As part of its Bearing Witness 2.0 project, the Huffington Post is rounding up a few of the best local stories of the day.
Representatives of the Federal Reserve joined activists, civic leaders and struggling homeowners in a tour of Brockton, Mass. on Sunday to get a sense of how the foreclosure crisis is affecting communities. This was the ninth and final trip through a town hit hard by the foreclosure crisis, reports Bryan Manquard of the Boston Globe. The bus tour, organized by the Brockton Interfaith Community, rolled by shuttered buildings and empty houses, and featured personal stories of people trying to hold on despite turbulent times.
This trip "gives us on-the-ground, firsthand knowledge of what's happening,'' said Sandra Braunstein, who works for the Board of Governors of the Federal Reserve. "I think it was very interesting and very sobering," she said. Brockton has the highest foreclosure rate in the state, at about 44 foreclosures per 1,000 housing units, and 1,500 in the last five years. After the tour, community members met with House Financial Services Committee Chairman Rep. Barney Frank (D-Mass.) and Fed officials to discuss the housing situation.
Lillie Greene, 65, lost everything when she fell victim to a Ponzi scheme. John Henderson of the Rocky Mount Telegram writes that Lillie Greene, 65, of North Carolina, quit her job of 27 years in 2001 so she could stay home and take care of her son, who was partly paralyzed after a stroke. "His father had died earlier," she explained, "I didn't want my son to go to a group home."
Trying to be financially judicious, she trusted her money to a local financial adviser, Joe Jones. But Jones, along with his partner, Charles Harrison, swindled her along with other retirees from around the region. The crooked investors have both been convicted and sent to prison for over a decade, but Greene has yet to have any of her money returned. Since then, Greene went back to work part-time as a school bus monitor. "I'm living from day to day," she said, "I'm fighting every day not to file bankruptcy."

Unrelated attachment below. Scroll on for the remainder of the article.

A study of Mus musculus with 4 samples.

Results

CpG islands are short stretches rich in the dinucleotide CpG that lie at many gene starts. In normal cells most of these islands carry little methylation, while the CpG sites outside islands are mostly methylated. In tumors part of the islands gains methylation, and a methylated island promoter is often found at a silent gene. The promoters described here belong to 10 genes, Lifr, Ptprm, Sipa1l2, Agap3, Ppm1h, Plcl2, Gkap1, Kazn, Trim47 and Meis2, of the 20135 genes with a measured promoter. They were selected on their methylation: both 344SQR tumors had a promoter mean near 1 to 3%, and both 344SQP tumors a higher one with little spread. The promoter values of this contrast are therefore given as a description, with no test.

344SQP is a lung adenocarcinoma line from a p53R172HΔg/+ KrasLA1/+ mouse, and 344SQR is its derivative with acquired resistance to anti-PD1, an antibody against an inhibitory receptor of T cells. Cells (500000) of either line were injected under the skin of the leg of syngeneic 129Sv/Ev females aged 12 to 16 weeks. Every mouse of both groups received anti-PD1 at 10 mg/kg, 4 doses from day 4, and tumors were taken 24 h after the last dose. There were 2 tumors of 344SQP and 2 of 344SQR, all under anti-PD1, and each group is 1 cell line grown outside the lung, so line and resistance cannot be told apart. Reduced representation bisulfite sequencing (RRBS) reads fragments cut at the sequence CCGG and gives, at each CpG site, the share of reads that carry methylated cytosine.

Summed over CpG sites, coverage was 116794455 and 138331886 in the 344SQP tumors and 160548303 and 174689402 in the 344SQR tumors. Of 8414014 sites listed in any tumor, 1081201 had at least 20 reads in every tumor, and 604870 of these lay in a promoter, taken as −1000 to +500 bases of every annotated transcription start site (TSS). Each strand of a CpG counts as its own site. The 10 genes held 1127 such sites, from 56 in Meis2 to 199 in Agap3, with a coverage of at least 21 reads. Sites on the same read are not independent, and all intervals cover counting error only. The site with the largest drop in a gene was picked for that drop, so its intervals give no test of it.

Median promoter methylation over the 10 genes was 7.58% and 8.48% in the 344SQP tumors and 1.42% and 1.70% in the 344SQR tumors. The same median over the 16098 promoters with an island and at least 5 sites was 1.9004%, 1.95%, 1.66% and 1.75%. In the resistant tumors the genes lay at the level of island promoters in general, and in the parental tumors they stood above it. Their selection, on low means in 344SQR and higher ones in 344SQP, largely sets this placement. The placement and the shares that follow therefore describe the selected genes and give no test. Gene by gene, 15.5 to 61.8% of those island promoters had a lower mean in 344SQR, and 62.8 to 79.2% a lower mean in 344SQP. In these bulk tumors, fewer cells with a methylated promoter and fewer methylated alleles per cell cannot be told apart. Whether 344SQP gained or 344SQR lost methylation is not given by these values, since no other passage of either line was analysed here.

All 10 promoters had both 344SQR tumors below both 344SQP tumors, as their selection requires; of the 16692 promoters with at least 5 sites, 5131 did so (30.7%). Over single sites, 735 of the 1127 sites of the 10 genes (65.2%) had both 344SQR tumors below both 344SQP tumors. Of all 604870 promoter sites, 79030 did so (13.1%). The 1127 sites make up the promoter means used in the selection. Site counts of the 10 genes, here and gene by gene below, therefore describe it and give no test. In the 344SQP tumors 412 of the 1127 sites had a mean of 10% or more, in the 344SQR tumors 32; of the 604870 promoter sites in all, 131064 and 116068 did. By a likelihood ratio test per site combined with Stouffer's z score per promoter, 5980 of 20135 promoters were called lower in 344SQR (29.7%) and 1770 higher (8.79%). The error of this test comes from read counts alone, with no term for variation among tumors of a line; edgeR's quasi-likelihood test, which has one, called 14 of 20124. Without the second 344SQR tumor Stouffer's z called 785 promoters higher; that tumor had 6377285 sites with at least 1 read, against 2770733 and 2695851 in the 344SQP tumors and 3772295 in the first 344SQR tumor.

Residents of mobile home parks in Southern California are being kicked out to make way for a new condominium development, reports Rebecca Kimitch of the San Gabriel Valley Tribune. The home owners are being paid to move out, but they feel shafted because their reimbursements are significantly less than what they paid for the house in the first place. "You are facing a foreclosure for them," described Leah Simon-Weisberg of the Eviction Defense Network.
As a response, the Rosemead cIty council is currently considering an ordinance to govern when and how mobile home parks are closed and converted for another use. In the meantime, residents say that the park is raising their rent, and is trying to force them out.
With six unemployed workers for every available job, employers can afford to be choosy. Diane Stafford of the Charleston Port and Courier reports that Rachelle Rand claimed that she slaved for days for the application for a single job, just to lose it to an internal hire. She had a day-long interview, where she claimed she met with about 20 people back-to-back, as well as an initial hour-long phone interview. "I did a lot of preparation for the interviews and research prior to both interviews," Rand said, speaking as one of many who are devoting countless hours to finding a new job, all to no avail.
HuffPost readers: Seen a good local story? Know of a neighbor going to bizarre lengths to get through the recession? Tell us about it! Email firstname.lastname@example.org.